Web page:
This is a 41-year-old female with a past medical history of cervical cancer, s/p hysterectomy bilateral salpingectomy, s/p radiation therapy and chemotherapy, and hyperlipidemia who was transferred to our hospital for symptomatic tachycardia evaluation. She has a history of intermittent palpitations and lightheadedness.
During an episode of her palpitations and lightheadedness, her cardiac monitor showed tachycardia with heart rate of approximately 200-280 beat per minute with systolic blood pressure in the 60's. The following electrocardiogram (ECG) #1 was obtained:
Figure 1: ECG #1
Then the rhythm changed into narrow QRS tachycardia as shown in ECG #2:
Figure 2: ECG #2
An intravenous push of adenosine 6 mg and 12 mg was unsuccessful necessitating direct current synchronized cardioversion with 200 joules to restore normal sinus rhythm.
She underwent an echocardiogram, which showed normal cardiac structure and left ventricular ejection fraction at 55-60%.
ECG #1 and #2 shows which of the following?
The correct answer is: B. Pre-excited atrial fibrillation (AF) and atrioventricular re-entrant tachycardia (AVRT)
ECG #1 showed an irregular wide complex tachycardia with varying QRS morphology at a very rapid ventricular rate. These are the electrocardiographic features of pre-excited AF (AF in patients with ventricular pre-excitation). The fast heart rate (up to 280 beat per minute) is due to the short refractoriness of the accessory pathway compared to AV node. The variation of the QRS is due to variable degree of fusion from antegrade depolarization of the ventricles over the AV node and accessory pathway.1 ECG #2 showed a regular narrow QRS supraVT with RP more than 70 milliseconds (best seen in lead V2, blue arrows indicating retrograde conducted P wave), which rule out typical AVNRT. Therefore, the most likely diagnosis of the narrow QRS tachycardia is AVRT using an accessory pathway.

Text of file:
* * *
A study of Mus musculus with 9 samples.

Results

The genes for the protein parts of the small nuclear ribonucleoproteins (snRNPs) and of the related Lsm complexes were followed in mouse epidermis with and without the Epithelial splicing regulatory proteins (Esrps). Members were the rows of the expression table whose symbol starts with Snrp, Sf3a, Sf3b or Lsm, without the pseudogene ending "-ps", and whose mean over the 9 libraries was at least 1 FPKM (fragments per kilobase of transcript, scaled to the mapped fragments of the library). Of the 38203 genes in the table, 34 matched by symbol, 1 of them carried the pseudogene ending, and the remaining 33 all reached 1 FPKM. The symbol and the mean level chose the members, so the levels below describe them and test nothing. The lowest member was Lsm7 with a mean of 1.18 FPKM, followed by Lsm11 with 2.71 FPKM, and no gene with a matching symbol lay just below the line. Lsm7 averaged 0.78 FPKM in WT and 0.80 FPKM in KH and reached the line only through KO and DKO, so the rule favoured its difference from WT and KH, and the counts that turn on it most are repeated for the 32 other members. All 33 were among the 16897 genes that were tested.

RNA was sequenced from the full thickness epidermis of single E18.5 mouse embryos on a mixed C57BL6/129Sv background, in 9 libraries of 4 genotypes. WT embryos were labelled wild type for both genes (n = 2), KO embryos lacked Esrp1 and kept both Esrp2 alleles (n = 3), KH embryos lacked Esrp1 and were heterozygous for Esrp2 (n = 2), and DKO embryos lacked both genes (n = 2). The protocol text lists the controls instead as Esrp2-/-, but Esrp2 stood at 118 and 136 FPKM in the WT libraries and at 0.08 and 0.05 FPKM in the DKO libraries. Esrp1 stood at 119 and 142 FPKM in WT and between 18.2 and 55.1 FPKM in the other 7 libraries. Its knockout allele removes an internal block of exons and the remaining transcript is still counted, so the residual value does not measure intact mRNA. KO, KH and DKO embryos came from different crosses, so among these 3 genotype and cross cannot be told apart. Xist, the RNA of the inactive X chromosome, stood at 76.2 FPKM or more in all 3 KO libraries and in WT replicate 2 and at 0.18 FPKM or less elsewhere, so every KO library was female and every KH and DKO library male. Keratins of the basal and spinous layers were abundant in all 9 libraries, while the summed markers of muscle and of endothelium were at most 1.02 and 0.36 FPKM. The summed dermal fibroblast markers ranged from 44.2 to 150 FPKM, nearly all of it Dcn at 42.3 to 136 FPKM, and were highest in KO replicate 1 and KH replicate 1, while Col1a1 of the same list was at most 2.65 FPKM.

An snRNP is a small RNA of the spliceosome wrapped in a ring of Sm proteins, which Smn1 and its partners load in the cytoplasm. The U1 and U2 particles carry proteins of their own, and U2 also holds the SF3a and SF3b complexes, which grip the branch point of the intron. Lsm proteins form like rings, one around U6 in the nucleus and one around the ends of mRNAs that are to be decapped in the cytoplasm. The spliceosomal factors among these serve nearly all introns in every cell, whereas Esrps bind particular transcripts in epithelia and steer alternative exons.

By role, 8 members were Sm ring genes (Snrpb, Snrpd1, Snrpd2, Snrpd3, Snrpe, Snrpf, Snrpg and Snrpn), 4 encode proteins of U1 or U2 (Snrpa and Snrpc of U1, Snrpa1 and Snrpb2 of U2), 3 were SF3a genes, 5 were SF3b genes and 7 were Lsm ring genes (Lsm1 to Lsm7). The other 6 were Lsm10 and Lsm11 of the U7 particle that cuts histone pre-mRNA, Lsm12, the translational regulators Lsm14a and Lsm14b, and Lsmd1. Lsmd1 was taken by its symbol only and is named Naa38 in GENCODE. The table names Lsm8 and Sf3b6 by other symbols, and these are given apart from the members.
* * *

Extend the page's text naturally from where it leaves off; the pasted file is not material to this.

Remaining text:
The patient was given intravenous (IV) push adenosine during narrow QRS tachycardia which is reasonable. However, pre-excited AF should not be treated with AV node slowing/blocking agents including adenosine, beta blockers or calcium channel blockers since slowing AV node could increase conduction over the accessory pathway, which could degenerate to ventricular fibrillation and sudden cardiac death. IV ibutilide or procainamide are the recommended drugs that usually slow the conduction over the AV node as well as accessory pathway and could terminate AF.2 However, if the patient has a fast heart rate and is unstable hemodynamically, they should be cardioverted.
The patient underwent an electrophysiological study which confirms the presence of a left sided lateral wall accessory pathway participating in antegrade conduction during AF. Assessment of the accessory pathway showed an effective refractory period (ERP) at 240 milliseconds, which is considered a high-risk pathway that could be life threatening. Pre-excited AF with very rapid ventricular response might degenerate into ventricular fibrillation and cause cardiac arrest. This patient underwent successful ablation of the accessory pathway.
Therefore, the correct answer is B: Pre-excited atrial fibrillation (AF) and AVRT.
Answer A is not correct since SVT with aberrancy should be regular.
VT could be irregular, but the degree of irregularity is significant with variable QRS duration which makes the diagnosis of VT is unlikely in a patient with normal cardiac structure and normal QT intervals. Therefore, answer C is incorrect.
Patient was symptomatic during wide complex tachycardia; therefore, answer D is incorrect.
Fengler BT, Brady WJ, Plautz CU. Atrial fibrillation in the Wolff-Parkinson-White syndrome: ECG recognition and treatment in the ED. Am J Emerg Med 2007;25:576-83.
January CT, Wann LS, Alpert JS, et al. 2014 AHA/ACC/HRS guideline for the management of patients with atrial fibrillation: a report of the American College of Cardiology/American Heart Association Task Force on Practice Guidelines and the Heart Rhythm Society. J Am Coll Cardiol 2014;64:2246-80.